Brexit: Theresa May insists Chequers plan is not dead as she travels to Brussels to fight for deal

Andy Wells
Freelance Writer
Theresa May is heading to Brussels as reports suggest Britain could remain in the customs union and single market for an extra year (Getty)

Theresa May has insisted her Chequers Brexit plan is not dead as she travels to Brussels for a last-ditch effort to secure a deal with the EU.

Responding to a question from Jeremy Corbyn, the PM told the Commons: “He asked me if the Chequers plan is dead. The answer is no.”

Mrs May vowed to protect the “precious Union of the United Kingdom” as she defended her Brexit plan ahead of travelling to Brussels to address EU leaders as she battles to keep her hopes of securing a Brexit deal alive.

EU chief negotiator Michel Barnier has reportedly said he is open to extending the Brexit transition period by a year (Getty)

This morning it emerged that the EU is willing to extend the Brexit transition period, keeping Britain in the customs union for an extra year, according to Michel Barnier.

The EU’s chief Brexit negotiator outlined his offer during a meeting with member states on Tuesday evening, the Financial Times reported.

Irish deputy prime minister Simon Coveney confirmed the offer was on the table, telling BBC Radio 4: “The EU side is willing to allow more time in the transition period to agree an alternative solution to the backstop.

“What Michel Barnier is now suggesting is, let’s ensure the backstop is never likely to be used by creating the space and time for the UK and the EU to be able to negotiate UK-wide customs arrangements.”

The move would mean Britain stays in the customs union and single market for another 12 months beyond December 2020 – the scheduled end of the 21-month transition period.

Mr Barnier is said to be offering the extension to the transition period in return for the Prime Minister accepting a ‘two-tier’ backstop to avoid a border between Ireland and  Northern Ireland.


Downing Street has previously refused to rule out prolonging the transition period as part of negotiations, although the move would infuriate Brexiteers who want a clean and swift break from the EU.

Mrs May is accused of pushing for a soft Brexit (Getty)

Mrs May’s meeting with EU states today was supposed to give the green light for a special summit in November to finalise the terms of Britain’s withdrawal.

But after hastily arranged talks between Mr Barnier and Brexit Secretary Dominic Raab broke up on Sunday without agreement, the negotiations are once again deadlocked.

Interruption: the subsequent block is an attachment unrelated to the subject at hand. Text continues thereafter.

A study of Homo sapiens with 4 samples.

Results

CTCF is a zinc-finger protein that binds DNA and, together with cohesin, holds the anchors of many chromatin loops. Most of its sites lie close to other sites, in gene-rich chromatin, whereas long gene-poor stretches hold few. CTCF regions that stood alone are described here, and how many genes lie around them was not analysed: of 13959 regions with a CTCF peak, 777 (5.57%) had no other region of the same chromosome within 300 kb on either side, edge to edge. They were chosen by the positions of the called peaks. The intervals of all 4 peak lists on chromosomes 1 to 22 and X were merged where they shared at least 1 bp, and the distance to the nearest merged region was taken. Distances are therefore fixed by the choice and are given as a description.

European Council president Donald Tusk has warned that without new ‘concrete proposals’ from the British to break the logjam over the so-called Irish border ‘backstop’, further progress may be impossible.

However, with her party split Mrs May has little room to manoeuvre if she is to secure a deal which stands any chance of getting through Parliament.

Ahead of her visit to Brussels, Mrs May was able to secure the tentative backing of her Cabinet amid reports that some Brexiteer ministers were prepared to quit if she gave too much ground to Brussels.

During a marathon three-hour meeting on Tuesday, she insisted she would not accept an agreement on the backstop – intended to maintain an open border between Northern Ireland and the Republic – which undermined the integrity of the UK or tied it indefinitely to EU customs arrangements.

The Prime Minister will briefly address the leaders of the EU 27 on Wednesday evening before they discuss the state of play in the Brexit negotiations over a working dinner.

Brexit supporters are urging the Prime Minister to drop her Chequers proposals (PA)

Her official spokesman said she would take the opportunity to set out the areas where progress had been achieved while stressing her commitment to finding an agreement.

The spokesman said: “We want to secure a deal as quickly as possible. We think it is in the best interests of the UK and European Union to forge that deep future partnership.”

With hopes of a November summit fading, focus has turned to the next scheduled meeting of the European Council in December as the last chance to secure a deal and get it ratified by the UK and European parliaments before Britain leaves in March 2019.